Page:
Alex Murdaugh’s motion for a new double murder trial over allegations of jury tampering is “defective,” the South Carolina attorney general Alan Wilson charged Friday in his response.
Defense attorneys Dick Harpootlian and Jim Griffin allege in court papers that Colleton County Clerk Becky Hill told jurors not to believe Murdaugh’s testimony and pressured them to reach a swift guilty verdict, so she could secure a book deal.
Wilson argued in a four-page reply that the defense lawyers had filed a “procedurally defective” motion with the state’s Court of Appeals because they didn’t disclose when or how they learned of the damning allegations against the clerk.
The filing requests that the court give Murdaugh 10 days to correct the faulty motion.
Murdaugh, 55, was sentenced in March to two life terms in prison for the murders of his 52-year-old wife, Maggie, and his son, Paul, 22, in June 2021.
He filed an appeal before the defense team tracked down three jurors who made the stunning claims.
They’re asking the Court of Appeals to pause the appeal and kick the case back to the trial judge who will decide whether to overturn the verdict based on the alleged misconduct.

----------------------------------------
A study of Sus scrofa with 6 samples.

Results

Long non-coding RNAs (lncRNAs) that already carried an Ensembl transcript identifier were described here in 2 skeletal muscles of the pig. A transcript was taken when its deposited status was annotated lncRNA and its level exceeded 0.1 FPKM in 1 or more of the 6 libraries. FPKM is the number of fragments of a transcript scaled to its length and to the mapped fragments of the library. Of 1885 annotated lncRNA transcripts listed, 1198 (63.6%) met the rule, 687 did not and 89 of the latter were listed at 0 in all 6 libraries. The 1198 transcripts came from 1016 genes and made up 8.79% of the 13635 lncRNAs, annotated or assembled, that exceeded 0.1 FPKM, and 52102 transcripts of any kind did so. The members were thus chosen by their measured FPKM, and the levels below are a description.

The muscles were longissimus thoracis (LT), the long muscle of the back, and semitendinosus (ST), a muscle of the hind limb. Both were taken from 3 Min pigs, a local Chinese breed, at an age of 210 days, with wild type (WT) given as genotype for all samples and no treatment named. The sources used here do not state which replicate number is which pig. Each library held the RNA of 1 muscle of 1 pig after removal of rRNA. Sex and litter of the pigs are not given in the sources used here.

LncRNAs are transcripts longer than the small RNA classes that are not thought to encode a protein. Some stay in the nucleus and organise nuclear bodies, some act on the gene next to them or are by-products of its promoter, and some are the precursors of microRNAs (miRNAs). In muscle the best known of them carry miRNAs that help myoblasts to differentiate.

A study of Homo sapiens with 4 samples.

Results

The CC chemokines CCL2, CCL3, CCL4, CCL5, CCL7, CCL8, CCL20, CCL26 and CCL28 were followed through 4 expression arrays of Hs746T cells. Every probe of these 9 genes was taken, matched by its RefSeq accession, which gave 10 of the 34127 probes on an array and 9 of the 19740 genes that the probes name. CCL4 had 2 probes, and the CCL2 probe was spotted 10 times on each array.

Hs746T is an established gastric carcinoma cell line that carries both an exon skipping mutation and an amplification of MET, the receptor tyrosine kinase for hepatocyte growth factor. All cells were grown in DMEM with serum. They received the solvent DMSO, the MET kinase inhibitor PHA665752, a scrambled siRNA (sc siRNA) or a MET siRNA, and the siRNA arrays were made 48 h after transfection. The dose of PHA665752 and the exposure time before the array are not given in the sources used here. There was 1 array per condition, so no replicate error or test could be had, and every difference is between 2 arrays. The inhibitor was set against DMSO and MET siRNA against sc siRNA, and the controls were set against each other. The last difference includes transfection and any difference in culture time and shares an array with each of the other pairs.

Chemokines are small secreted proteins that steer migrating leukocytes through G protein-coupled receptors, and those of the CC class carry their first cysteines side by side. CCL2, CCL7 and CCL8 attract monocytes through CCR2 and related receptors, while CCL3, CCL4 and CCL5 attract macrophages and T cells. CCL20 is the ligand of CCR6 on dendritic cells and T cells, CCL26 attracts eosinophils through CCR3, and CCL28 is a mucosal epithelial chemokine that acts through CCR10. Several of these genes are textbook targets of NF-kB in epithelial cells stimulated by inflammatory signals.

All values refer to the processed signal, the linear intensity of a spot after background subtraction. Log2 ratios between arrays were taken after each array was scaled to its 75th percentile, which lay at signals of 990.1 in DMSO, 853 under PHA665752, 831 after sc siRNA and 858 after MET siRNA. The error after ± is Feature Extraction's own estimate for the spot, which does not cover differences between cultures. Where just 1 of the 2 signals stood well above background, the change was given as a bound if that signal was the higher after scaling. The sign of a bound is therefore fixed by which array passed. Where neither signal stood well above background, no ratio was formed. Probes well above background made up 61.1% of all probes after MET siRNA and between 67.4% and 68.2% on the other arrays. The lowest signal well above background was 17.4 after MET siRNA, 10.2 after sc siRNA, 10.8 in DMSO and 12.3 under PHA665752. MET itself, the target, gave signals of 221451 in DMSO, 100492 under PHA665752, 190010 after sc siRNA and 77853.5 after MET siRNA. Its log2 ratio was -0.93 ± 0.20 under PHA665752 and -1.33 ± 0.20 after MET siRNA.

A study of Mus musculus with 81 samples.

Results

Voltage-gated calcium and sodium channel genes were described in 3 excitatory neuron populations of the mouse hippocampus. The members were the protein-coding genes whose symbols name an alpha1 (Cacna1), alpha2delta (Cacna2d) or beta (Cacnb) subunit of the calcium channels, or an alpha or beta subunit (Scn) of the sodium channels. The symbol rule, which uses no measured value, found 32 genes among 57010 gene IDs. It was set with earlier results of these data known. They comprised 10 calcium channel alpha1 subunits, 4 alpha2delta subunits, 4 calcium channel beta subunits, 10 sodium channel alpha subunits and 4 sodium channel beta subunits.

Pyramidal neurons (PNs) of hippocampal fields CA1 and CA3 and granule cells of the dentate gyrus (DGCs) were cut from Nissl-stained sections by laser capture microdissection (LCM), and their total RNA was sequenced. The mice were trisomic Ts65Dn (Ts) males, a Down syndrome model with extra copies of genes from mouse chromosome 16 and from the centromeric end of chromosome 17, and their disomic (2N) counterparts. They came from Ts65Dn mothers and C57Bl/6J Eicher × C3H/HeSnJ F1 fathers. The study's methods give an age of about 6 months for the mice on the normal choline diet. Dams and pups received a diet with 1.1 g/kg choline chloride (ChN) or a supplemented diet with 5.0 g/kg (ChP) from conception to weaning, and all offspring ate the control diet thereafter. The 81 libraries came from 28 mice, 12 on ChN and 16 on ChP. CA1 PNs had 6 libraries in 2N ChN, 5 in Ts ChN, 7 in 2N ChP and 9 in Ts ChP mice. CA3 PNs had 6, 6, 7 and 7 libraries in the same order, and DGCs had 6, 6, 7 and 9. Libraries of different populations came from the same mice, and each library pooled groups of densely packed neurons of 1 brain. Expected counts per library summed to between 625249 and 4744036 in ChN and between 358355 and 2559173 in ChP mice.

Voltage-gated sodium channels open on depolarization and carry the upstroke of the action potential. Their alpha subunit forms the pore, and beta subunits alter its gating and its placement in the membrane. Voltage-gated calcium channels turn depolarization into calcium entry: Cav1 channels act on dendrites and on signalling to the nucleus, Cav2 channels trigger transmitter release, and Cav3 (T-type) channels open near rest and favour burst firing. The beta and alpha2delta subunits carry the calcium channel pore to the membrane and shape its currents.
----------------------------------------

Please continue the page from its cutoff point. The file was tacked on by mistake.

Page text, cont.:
Wilson wrote in the filing that their investigation has “revealed significant factual disputes” with the defense’s accusations without specifying what they are.
In a significant concession, the prosecutor acknowledges that a hearing may be necessary to “properly resolve some of the serious claims” raised in the motion.
“We are reviewing the filing and have no comment at this time,” Griffin told Fox News Digital.
The defense has alleged that Hill, who wrote a memoir about the trial, “betrayed her oath of office for money and fame.” Her attorney, Justin Bamberg, declined to comment.
Fox Nation aired the hit docuseries “The Fall of the House of Murdaugh” earlier this month, which features interviews with Hill and Murdaugh’s only surviving son, Buster.